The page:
By Leonard Gildarie
People’s National Congress Reform (PNCR) Presidential Candidate, Brigadier (retd) David Granger has declared intentions to privatise sugar, reduce the number of state-owned companies, like GuySuCo, GuyOil and the state media, and explore the reduction of the 16% value-added tax (VAT).
Addressing bankers and other business leaders including Dr. Yesu Persaud of the Demerara Distillers Limited and Hemraj Kissoon of the Kissoon Group, Granger also signaled his endorsement to limit the powers of the President; the establishment of a Coroner’s Court and to allow local businesses to have more say in the country’s decision-making processes.
Making his presentation during a one-on-one session at the Pegasus, Granger who has been accused by the ruling People’s Progressive Party/Civic of having “blood on his hands” during the turbulent years under the Burnham administration, again categorically denied any role in the killing of three Berbicians during the 1973 elections, reportedly by army forces, saying that he was not in charge at the time. A special commission, he insisted, had cleared the air on the issue.
“I don’t know what else to tell the man (President Bharrat Jagdeo)…I was not the Chief of Staff…”
The session was the second in a series of luncheon-interactions with the main presidential candidates hosted by the Guyana Manufacturing and Services Association Limited (GMSA).
Already, the Alliance For Change (AFC)’s Khemraj Ramjattan has met with the private sector body, and the PPP/C’s Donald Ramotar is scheduled to unveil some of his plans on May 25 at the same venue.
Detailing his plans to improve the country’s fortunes within a five-year period, the former army chief highlighted security, education and an increase of agro-processing activities as key to firing up the economy.
Granger was critical of the seeming practice to fill the diplomatic service with unqualified persons and “widow” of “somebody” in the service.
Elaborating on the plans to improve security, Granger noted that every 12 hours there is an armed robbery in Guyana, with the murder rate double that of the United States. This, he stressed, was despite several reports which recommended necessary changes.
He promised that changes will come; changes such as not having an Assistant Commissioner of Police operating from Eve Leary yet in charge of several districts in other areas; retraining of police officers; restricting contraband and the flow of illegal guns into the country, and stepping up the fight against the narcotics trade.
Regarding education, Granger lashed out at government over the existing state of affairs, noting that at least 15 schools were closed by students, teachers and students for deplorable conditions.
“In one school, a teacher was in charge of 97 students, this is an unacceptable position.” The country, he argues, would need innovative thinking, with subjects adjusted to meet the requirements.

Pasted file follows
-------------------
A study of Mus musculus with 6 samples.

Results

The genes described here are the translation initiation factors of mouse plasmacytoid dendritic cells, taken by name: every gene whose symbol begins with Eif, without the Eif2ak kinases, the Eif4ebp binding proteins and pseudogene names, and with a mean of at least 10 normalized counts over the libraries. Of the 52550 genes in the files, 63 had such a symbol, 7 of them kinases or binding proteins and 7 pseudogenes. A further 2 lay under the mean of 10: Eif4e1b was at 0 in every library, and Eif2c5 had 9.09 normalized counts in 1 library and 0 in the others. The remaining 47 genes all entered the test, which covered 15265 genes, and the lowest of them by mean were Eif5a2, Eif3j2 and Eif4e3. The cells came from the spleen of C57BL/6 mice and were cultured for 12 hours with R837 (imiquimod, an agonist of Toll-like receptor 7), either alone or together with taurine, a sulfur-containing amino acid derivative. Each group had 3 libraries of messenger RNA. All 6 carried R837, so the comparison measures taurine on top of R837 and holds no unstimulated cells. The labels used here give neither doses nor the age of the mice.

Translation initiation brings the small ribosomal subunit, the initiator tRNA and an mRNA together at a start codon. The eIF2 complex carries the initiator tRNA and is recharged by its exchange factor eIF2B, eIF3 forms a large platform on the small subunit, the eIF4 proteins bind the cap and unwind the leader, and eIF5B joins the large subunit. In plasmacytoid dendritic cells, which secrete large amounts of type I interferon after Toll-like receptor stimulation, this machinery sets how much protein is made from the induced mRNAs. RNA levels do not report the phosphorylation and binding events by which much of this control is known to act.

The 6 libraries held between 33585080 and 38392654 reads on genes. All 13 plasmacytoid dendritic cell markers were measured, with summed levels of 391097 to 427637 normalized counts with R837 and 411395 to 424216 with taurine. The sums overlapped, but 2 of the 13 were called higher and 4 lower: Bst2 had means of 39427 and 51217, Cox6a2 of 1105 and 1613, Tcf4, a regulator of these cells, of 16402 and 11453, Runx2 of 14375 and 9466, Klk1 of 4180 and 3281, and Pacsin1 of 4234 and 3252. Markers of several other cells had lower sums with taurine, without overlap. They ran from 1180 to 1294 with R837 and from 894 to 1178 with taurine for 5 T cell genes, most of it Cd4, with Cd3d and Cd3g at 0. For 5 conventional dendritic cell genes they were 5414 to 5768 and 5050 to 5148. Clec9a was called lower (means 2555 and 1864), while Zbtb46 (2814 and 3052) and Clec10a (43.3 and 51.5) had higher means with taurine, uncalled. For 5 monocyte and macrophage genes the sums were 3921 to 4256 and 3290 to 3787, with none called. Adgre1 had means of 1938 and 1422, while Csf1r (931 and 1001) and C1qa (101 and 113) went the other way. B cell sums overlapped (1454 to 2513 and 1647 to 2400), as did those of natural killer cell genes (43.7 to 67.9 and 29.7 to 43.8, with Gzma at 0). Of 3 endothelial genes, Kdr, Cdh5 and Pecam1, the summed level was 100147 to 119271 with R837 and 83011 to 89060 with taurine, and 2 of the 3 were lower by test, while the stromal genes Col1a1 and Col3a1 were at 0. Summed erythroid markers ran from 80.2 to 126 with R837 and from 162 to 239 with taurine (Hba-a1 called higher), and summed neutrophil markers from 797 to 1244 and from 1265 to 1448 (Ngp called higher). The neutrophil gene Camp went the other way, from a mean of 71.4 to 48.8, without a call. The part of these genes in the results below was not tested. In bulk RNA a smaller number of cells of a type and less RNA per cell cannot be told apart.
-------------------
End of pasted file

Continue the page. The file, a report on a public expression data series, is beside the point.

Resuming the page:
The paddling of students in the hinterland for miles and the continued use of VSO and Peace Corps to bridge the shortfall in teachers all need to be addressed, the PNCR presidential candidate emphasised.
He also promised to re-examine the current practice of retiring teachers at the age of 55, and said that housing for teachers also needs attention.
The PNCR will be looking to align the education thrust to fit more in line with the country’s demands, citing as an example that more agricultural subjects should be introduced.
Regarding the economy, Granger said that it was unthinkable that there could be wastage in Guyana. “Every fruit, vegetable, cassava and fish should be processed and this would be key to the country’s development.”
He asserted that his administration will be focusing on more solar power and other renewable energy sources to help propel the economy.
The use of biogas and wind turbines, are all possibilities that will be examined in the new government, according to Granger. He is also convinced that Guyana has the money to improve the livelihoods of its citizens, but it has to be spent wisely.
Granger said his administration will definitely reduce the number of ministers from the current twenty-two (22). He did not rule out the possibility of adopting a government similar to India and Trinidad and Tobago where there Prime Minister gets more power. Responding to questions on his party’s plans for Linden, Granger pointed to “the strategic location of Region 10 with its wide lands” and the possibility of its becoming a centre for agro-processing.
On the issue of the Presidential powers which has been coming more and more under scrutiny by opposition parties, the Presidential Candidate emphasised that he will ensure the functioning of the Constitutional Reform Commission. There will also be a review of sentencing policies, as well as improved conditions for judges and magistrates.
The PNCR official was also questioned about his perceived “rallying” presence at a recent ex-soldiers function, a move which was criticized by government.
He noted that the event on May 1 was with the Guyana Legion, in which retired soldiers, veterans and even ex-policemen are part of, and “… many of them were concerned about the mandatory retirement age, there were concerns…concerns that could be addressed by a new government”.
Chairman of the Private Sector, Ramesh Dookhoo, was clear in his message to Granger and the PNCR, on what the country’s businesses will be expecting from any new administration.
These include more political exchange, increased access to local financing, better labour conditions, more skilled and unskilled labour, as well as better electricity and roads.